How To Inflate a Speed Bag

When it comes to speed bags and double end bags, you know well enough that they come in a variety of sizes, shapes, colors and dimensions. You have a wide selection. You also have a variety of bladders and that’s good because at some point in time, either the bladder is going to stop maintaining air or it’s going to outright bust. Although you and I know, TITLE bladders last forever. But, in the case that you do have to change one, I will explain to you how, so you are armed and equipped to make that change on your own.

If the bag still has air in it, you’ll need to take the air out and deflate it. You may need to use needle nose pliers so you can grab the laces to get it unlaced. Once you have the bag unlaced, reach into the speed bag and grab the bladder and basically turn the speed bag inside out from the bottom up until you can see where the air nozzle is on the bladder in relation to the speed bag.

Once you get the bladder exposed, you will see that it is glued. You will want to take the pliers to loosen that, to pull the glue away from the bladder itself. Then you’ll just want to pull the bladder from the bag.

 

 

 

 

 

 

 

In some instances, you’ll run into where the speed bag bladder, or the double end bag bladder, is actually sewn into a small flap on the inside of the bag. There are two things you can do in this instance. One is use a seam ripper, which is a sewing tool, and you can tear out the thread from the bag to release the bladder. Or you can use a box cutter to do the same thing. You just want to be very careful with it. Don’t cut your fingers or the bag! Just pick up the thread from the bag and cut it.

 

Once you untie the bag and expose the opening, you’re ready to insert a new bladder. You can use a traditional rubber bladder or the new Quik-Tek bladders. Either one works; it just comes down to personal preference. In this case we’re going to use a traditional rubber bladder and insert it into the bag. (Rubber cement or glue can be applied to both surfaces to create a more secure fit, but it is not necessary.) With your thumb or fingers, try to line up the bladder nozzle with the hole in the bag. Once you see that you’ve lined up the two holes, you insert the needle from the pump to keep the two holes in line with each other so you don’t lose the bladder when you begin filling it.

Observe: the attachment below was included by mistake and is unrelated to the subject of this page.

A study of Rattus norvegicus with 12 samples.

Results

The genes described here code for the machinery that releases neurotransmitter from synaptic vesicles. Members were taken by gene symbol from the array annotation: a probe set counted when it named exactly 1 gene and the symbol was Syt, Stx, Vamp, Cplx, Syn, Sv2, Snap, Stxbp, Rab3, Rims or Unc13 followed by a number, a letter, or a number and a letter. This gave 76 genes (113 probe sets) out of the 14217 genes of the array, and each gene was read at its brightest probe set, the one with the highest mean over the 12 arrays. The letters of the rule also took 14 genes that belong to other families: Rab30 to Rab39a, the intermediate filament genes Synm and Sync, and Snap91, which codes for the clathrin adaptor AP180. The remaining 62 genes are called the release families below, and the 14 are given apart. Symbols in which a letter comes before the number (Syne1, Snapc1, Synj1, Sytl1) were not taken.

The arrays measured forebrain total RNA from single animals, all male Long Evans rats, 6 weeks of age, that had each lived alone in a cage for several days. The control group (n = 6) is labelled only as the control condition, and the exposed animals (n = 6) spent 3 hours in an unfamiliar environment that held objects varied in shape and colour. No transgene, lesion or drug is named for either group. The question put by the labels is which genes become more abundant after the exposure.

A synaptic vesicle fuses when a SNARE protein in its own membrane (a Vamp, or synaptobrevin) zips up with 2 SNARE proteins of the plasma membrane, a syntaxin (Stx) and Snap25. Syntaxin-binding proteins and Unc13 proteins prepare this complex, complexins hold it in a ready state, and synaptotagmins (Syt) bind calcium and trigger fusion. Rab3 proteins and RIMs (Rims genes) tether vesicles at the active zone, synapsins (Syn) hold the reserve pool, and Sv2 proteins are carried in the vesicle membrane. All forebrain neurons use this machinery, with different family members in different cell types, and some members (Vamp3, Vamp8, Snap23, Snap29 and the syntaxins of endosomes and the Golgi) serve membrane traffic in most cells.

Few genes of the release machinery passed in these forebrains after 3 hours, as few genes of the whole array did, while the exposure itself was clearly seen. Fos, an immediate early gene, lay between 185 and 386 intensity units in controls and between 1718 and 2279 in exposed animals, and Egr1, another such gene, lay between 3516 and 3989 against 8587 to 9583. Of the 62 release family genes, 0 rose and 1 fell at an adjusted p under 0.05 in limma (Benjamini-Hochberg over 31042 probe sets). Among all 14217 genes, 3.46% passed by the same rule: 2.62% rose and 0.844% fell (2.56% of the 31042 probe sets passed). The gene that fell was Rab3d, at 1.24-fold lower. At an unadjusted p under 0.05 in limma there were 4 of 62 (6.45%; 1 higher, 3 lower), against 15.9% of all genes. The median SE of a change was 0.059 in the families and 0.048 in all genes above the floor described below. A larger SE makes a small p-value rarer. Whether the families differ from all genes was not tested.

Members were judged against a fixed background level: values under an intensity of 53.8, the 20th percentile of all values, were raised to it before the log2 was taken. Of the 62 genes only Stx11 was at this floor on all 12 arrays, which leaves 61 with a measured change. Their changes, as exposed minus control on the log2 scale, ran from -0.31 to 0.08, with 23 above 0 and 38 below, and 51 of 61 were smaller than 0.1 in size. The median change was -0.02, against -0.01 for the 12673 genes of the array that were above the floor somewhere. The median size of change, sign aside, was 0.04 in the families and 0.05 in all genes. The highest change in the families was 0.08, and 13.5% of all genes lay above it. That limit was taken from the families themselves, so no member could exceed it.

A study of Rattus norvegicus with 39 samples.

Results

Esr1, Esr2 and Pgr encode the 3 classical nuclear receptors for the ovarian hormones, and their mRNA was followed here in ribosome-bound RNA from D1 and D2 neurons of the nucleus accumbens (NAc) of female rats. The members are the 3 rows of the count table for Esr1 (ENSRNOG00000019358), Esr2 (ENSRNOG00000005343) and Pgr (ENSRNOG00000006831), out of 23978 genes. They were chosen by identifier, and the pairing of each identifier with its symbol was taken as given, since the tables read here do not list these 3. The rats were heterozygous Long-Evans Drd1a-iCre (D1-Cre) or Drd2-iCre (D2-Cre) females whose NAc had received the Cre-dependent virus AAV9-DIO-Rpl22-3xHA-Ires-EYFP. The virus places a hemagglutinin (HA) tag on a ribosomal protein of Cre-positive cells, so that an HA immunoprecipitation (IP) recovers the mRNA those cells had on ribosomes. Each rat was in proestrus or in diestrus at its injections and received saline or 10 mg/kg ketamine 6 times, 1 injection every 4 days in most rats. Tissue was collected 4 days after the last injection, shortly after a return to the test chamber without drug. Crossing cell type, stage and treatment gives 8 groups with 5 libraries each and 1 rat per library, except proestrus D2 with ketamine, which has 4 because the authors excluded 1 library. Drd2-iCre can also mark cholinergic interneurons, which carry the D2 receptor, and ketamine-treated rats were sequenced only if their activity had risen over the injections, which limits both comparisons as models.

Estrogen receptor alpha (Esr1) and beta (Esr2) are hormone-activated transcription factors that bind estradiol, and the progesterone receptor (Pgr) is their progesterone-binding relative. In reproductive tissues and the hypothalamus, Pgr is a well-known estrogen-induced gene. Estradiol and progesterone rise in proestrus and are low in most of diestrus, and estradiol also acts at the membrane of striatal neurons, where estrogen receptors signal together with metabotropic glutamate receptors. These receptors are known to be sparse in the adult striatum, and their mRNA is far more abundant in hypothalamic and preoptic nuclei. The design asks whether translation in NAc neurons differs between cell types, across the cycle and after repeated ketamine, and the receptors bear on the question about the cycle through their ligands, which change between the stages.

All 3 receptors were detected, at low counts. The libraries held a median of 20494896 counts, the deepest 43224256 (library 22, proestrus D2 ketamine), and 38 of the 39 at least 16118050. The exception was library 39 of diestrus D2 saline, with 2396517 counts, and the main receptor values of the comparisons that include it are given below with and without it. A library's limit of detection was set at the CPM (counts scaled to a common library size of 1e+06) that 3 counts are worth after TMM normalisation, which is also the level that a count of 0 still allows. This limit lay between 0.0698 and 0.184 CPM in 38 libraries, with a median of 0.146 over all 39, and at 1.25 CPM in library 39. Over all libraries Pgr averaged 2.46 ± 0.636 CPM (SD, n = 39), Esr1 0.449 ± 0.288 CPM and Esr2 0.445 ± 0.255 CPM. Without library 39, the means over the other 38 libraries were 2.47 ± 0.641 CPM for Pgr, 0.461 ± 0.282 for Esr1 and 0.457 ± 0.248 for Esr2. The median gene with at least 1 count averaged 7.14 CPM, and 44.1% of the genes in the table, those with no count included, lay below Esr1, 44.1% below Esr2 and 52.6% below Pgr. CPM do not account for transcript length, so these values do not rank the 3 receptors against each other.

Before you do that, you’ll want to wet the needle, either with Vaseline, or let’s be honest, most guys spit on it. But, you want the needle to be moist so that when you insert it into the bag, it’s not making small tears in the rubber.

Attach the pump back to the air nozzle and begin filling. Once you get the speed bag about 70% inflated, stop and tie the laces up. If you wait until you get the bag fully inflated, there’s too much pressure and it will be harder to tie the laces on the bag. Go back and tighten the laces so they’ll be nice and secure when you pump the bag all the way back up and tie it up. Begin re-inflating.

All speed bags, double end bags and the type of bladder you use will present specific nuances to inflating them and changing them out. This is the most basic, simple way of going about it.